Tractor planting corn on a farm north of Grand Island (NTV News)

LINCOLN, Neb. – York County Farm Bureau President Jason Perdue outlined a series of key agriculture objectives for modernization of the North American Free Trade Agreement (NAFTA) in testifying before the U.S. House of Representatives Committee on Ways and Means Trade Subcommittee Tuesday in Washington D.C.

Perdue, who also serves on Nebraska Farm Bureau’s Young Farmers and Ranchers Committee, provided the testimony on behalf of the American Farm Bureau Federation.

“NAFTA has been overwhelmingly beneficial for the clear majority of farmers, ranchers, and associated businesses in the United States, Canada, and Mexico. U.S. farmers and ranchers from across the nation have benefited from an increase in annual exports to Mexico and Canada from $8.9 billion in 1993 to $38.1 billion in 2016,” Perdue testified.

Perdue further elaborated on the importance of NAFTA to Nebraska pointing out that Nebraska exported more than $2.4 billion worth of products to both Mexico and Canada in 2016, with agricultural products making up $1.5 billion of that total.

“Despite the clear and numerous benefits, there are reasons to update and reform NAFTA from agriculture’s perspective. While agriculture collectively has experienced substantial benefits, some individual commodities have faced challenges,” Perdue said.

Farm Bureau priorities for a modernized NAFTA include: updated, science-based sanitary and phytosanitary rules (i.e. basic rules for food safety and animal and plant health standards); improved dispute settlement procedures for fresh fruits, vegetables, and horticultural products; eliminated or reduced Canadian tariff barriers to dairy, poultry, eggs, and wine, as well as the recently implemented barriers to ultra-filtered milk; addressing the misuse of geographical indicators (i.e. trade distorting provisions which limit the ability for some U.S. products to move into partnering countries); and developing a consistent, science-based approach to biotechnology.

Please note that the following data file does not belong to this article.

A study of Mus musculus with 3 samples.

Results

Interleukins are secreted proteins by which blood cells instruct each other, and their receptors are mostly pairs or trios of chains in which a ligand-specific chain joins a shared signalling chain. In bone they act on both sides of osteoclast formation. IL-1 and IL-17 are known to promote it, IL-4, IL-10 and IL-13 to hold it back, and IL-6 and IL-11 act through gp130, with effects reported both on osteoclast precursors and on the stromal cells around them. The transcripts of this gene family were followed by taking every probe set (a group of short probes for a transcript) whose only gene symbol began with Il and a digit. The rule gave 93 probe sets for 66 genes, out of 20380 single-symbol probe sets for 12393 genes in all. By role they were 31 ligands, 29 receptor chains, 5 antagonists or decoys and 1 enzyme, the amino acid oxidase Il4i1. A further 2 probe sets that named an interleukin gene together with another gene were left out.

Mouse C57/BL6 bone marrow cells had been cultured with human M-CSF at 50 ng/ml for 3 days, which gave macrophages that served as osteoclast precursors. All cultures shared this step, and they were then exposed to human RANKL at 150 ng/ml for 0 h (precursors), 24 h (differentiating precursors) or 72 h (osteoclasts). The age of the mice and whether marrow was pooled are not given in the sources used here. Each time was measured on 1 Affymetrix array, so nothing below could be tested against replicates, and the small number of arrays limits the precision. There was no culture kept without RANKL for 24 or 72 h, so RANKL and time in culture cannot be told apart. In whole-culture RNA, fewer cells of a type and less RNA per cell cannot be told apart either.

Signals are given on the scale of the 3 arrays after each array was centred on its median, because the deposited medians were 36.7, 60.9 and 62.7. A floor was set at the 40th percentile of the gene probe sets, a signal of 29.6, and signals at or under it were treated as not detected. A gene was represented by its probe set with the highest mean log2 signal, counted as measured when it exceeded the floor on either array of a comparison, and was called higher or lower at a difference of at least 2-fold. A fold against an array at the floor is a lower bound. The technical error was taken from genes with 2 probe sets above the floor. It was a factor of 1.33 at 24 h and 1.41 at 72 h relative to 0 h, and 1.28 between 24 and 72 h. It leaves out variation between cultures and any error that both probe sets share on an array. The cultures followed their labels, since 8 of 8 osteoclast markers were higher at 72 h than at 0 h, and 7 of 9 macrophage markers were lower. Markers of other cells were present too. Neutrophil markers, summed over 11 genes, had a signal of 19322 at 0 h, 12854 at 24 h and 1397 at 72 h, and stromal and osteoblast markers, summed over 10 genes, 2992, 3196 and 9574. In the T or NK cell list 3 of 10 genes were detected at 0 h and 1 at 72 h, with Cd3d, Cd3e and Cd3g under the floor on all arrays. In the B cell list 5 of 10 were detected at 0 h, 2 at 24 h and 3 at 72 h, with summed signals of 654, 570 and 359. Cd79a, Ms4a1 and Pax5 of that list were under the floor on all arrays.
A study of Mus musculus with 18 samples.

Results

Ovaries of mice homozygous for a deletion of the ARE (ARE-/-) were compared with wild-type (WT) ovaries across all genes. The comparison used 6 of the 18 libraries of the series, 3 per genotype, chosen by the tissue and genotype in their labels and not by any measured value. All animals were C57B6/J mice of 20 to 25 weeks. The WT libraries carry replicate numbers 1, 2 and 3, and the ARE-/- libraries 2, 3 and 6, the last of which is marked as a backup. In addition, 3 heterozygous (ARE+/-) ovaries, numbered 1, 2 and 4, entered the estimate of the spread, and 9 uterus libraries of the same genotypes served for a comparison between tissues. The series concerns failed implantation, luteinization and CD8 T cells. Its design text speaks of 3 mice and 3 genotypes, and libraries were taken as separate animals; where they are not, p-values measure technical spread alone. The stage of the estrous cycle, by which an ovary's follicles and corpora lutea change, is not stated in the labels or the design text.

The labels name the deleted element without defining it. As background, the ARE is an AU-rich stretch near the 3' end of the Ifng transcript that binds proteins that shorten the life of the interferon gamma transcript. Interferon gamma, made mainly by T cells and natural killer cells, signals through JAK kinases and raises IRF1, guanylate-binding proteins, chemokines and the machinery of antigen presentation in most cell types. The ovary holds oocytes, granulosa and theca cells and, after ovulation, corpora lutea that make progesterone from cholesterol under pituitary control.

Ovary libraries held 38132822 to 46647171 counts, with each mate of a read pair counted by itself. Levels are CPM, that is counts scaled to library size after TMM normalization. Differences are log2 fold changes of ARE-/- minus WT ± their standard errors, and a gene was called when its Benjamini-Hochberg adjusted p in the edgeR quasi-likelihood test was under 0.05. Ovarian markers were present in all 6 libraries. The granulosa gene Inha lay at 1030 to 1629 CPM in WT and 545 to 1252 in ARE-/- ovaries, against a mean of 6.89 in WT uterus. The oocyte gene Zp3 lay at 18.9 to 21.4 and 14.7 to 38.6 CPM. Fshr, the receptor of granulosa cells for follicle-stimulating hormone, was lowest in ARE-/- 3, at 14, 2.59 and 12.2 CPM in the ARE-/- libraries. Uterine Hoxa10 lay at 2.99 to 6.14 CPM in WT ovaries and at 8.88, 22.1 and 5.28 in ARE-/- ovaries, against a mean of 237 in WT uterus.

In June, Nebraska Farm Bureau submitted comments to the U.S. Trade Representative’s office urging the office to focus on maintaining the growth in agricultural trade with Canada and Mexico as the Trump Administration prepares for renegotiation of NAFTA.

Currently, roughly 30 percent of U.S. farm income can be attributed to international trade.

Perdue is from York, Nebraska where he resides with his wife, Karah, and their four children.

Perdue balances time between a full-time job in Agriculture retail with the Wilbur-Ellis Company and their family farm operation that includes row crops, beef cows, and a contract poultry operation.

The Nebraska Farm Bureau is a grassroots, state-wide organization dedicated to supporting farm and ranch families and working for the benefit of all Nebraskans through a wide variety of educational, service and advocacy efforts. More than 61,000 families across Nebraska are Farm Bureau members, working together to achieve rural and urban prosperity as agriculture is a key fuel to Nebraska’s economy. For more information about Nebraska Farm Bureau and agriculture, visit www.nefb.org.